Everyone knows about their right to remain silent—or at least, they should—which protects suspects from being forced to say things which may aid in the case against them.
However, few civilians realize that self-incrimination doesn’t always come in the form of the spoken word. Because, while the right to free speech is a sacred one in the United States, that’s not the same as the right to avoid consequences for all but admitting to a crime on Facebook or Twitter.
Self-Incrimination Through Social Media
Privacy is a huge concern for folks who engage with social media sites, but often, users don’t even need to be hacked to get in trouble—they post evidence that’s at least circumstantial (and in some cases, fairly damaging) all on their own. In the last year, several high-profile cases have been brought to trial thanks to popularity on Facebook. Two of the most viral include:
• A Florida man who was convicted of second degree murder after he posted grisly photos of his deceased wife on Facebook.
• A North Carolina woman who taped her dogs mouth shut and, after the post spread across Facebook, was arrested and convicted of animal abuse.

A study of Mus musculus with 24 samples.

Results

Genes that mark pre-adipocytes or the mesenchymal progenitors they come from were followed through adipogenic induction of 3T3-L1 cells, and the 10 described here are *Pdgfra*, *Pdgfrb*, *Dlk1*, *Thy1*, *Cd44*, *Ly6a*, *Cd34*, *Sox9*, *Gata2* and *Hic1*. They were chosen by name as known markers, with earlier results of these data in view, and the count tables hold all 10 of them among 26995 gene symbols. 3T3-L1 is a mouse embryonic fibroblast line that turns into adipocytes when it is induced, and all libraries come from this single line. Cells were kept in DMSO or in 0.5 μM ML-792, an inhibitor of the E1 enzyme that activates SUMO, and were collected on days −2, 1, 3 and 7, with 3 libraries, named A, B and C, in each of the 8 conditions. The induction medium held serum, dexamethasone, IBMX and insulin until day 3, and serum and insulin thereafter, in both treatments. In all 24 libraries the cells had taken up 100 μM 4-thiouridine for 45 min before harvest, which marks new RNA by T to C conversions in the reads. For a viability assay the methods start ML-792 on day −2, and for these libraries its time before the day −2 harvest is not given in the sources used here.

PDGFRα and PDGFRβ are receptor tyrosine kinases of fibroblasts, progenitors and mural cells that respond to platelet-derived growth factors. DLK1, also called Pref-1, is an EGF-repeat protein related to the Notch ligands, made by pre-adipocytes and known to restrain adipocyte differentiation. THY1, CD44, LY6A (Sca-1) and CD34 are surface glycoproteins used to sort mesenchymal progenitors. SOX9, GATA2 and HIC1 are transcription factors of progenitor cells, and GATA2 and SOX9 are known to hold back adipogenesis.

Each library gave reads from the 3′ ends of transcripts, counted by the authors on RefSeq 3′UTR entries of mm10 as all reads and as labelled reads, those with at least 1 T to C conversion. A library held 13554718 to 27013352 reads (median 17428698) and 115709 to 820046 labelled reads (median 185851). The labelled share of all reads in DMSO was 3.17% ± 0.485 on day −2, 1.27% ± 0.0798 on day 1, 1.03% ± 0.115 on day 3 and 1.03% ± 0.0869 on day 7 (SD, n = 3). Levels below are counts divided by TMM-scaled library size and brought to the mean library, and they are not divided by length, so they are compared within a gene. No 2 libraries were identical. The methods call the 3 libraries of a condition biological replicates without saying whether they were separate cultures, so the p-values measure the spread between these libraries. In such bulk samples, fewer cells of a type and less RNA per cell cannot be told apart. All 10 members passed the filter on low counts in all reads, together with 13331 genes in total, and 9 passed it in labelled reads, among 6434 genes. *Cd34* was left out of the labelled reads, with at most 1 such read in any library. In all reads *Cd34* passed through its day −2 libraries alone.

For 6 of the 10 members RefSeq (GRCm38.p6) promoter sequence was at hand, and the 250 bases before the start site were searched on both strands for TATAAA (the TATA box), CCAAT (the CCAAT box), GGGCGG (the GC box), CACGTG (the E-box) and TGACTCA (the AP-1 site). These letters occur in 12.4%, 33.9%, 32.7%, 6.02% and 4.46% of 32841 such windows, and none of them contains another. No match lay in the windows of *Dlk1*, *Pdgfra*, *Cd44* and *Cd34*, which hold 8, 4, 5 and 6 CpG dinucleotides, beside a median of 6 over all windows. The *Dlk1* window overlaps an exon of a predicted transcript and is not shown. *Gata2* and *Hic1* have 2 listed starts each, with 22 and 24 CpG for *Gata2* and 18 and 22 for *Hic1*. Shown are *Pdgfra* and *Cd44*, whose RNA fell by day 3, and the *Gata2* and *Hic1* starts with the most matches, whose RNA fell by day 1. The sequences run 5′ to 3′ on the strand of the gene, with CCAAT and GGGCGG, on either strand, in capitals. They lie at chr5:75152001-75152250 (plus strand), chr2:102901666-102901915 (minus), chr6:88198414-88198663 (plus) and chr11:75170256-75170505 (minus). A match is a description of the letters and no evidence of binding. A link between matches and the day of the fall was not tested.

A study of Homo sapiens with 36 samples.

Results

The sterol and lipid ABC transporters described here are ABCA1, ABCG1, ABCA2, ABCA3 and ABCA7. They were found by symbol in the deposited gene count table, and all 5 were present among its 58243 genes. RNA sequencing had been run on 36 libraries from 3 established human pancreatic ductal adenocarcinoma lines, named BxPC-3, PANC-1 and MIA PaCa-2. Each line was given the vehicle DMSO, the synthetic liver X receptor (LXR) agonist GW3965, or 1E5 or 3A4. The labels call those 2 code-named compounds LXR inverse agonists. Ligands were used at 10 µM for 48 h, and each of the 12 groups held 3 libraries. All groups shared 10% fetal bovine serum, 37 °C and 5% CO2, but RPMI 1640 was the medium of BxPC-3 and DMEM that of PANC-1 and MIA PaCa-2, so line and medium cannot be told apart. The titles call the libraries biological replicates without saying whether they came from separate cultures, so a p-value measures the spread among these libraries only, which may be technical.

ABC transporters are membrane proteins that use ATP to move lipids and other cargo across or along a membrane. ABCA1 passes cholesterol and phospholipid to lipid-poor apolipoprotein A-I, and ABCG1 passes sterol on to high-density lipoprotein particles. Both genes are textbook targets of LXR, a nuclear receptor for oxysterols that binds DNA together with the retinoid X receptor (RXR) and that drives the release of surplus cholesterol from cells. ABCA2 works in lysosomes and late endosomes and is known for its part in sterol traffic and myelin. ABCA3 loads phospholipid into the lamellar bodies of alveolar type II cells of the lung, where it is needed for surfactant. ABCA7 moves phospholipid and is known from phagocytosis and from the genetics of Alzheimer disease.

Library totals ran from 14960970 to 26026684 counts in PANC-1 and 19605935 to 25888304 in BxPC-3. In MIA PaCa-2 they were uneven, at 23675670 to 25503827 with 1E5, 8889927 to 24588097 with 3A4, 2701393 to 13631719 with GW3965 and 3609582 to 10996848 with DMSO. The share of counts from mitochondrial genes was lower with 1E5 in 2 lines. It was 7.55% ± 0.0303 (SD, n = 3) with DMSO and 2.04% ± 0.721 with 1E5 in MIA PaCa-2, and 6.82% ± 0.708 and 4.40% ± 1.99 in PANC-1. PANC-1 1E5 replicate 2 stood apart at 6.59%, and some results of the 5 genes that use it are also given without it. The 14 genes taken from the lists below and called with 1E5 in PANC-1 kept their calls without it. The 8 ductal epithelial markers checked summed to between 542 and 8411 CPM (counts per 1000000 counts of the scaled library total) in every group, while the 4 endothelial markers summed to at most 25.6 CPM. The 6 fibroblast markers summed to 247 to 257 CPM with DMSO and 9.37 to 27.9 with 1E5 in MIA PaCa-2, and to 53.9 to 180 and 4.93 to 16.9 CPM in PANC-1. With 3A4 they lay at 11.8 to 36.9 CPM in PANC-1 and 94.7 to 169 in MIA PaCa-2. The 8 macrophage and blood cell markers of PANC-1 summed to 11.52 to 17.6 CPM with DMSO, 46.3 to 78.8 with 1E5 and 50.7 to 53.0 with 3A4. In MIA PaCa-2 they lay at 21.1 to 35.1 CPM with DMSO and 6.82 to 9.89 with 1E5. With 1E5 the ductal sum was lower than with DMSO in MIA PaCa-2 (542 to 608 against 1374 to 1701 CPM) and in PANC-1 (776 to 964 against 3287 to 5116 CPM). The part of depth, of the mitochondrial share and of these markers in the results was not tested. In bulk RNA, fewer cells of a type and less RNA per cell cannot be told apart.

• Actress Vanessa Hudgens is currently under investigation after posting a selfie in Sedona, Arizona. The image, which has since been deleted, allegedly showed her initials, as well as those of her boyfriend, carved into a rock—which might be part of National Forest and thus, Federal property.
The list goes on and on. In the age of public sharing (and public shaming), defacement of property, animal abuse, and even DUIs have all become spectator sports—and often, even if a person deletes a post, once it’s gone viral, it can be hard to get back.
And while a good defense attorney can help fight claims based on just a photo or mention on social media, the fact is that once the evidence is out there, it’s hard to get back.
Be Careful What You Post!
The best thing for social media users to do is be careful about what they post—and think critically about whether or not they may be breaking any laws in their photos and updates. When in doubt, just don’t post the images; in these instances, it’s always better to be safe than sorry.
Even if you may have incriminated yourself, a knowledgeable, supportive attorney can help you navigate the complexities of a criminal charge and get your life back on track.
The expert criminal defense lawyers at the Witt Law Group defend the rights of individuals facing criminal charges in Kitsap County, including Bremerton, Port Orchard, Silverdale and beyond. We have offices in Poulsbo, Bremerton and Gig Harbor for your convenience.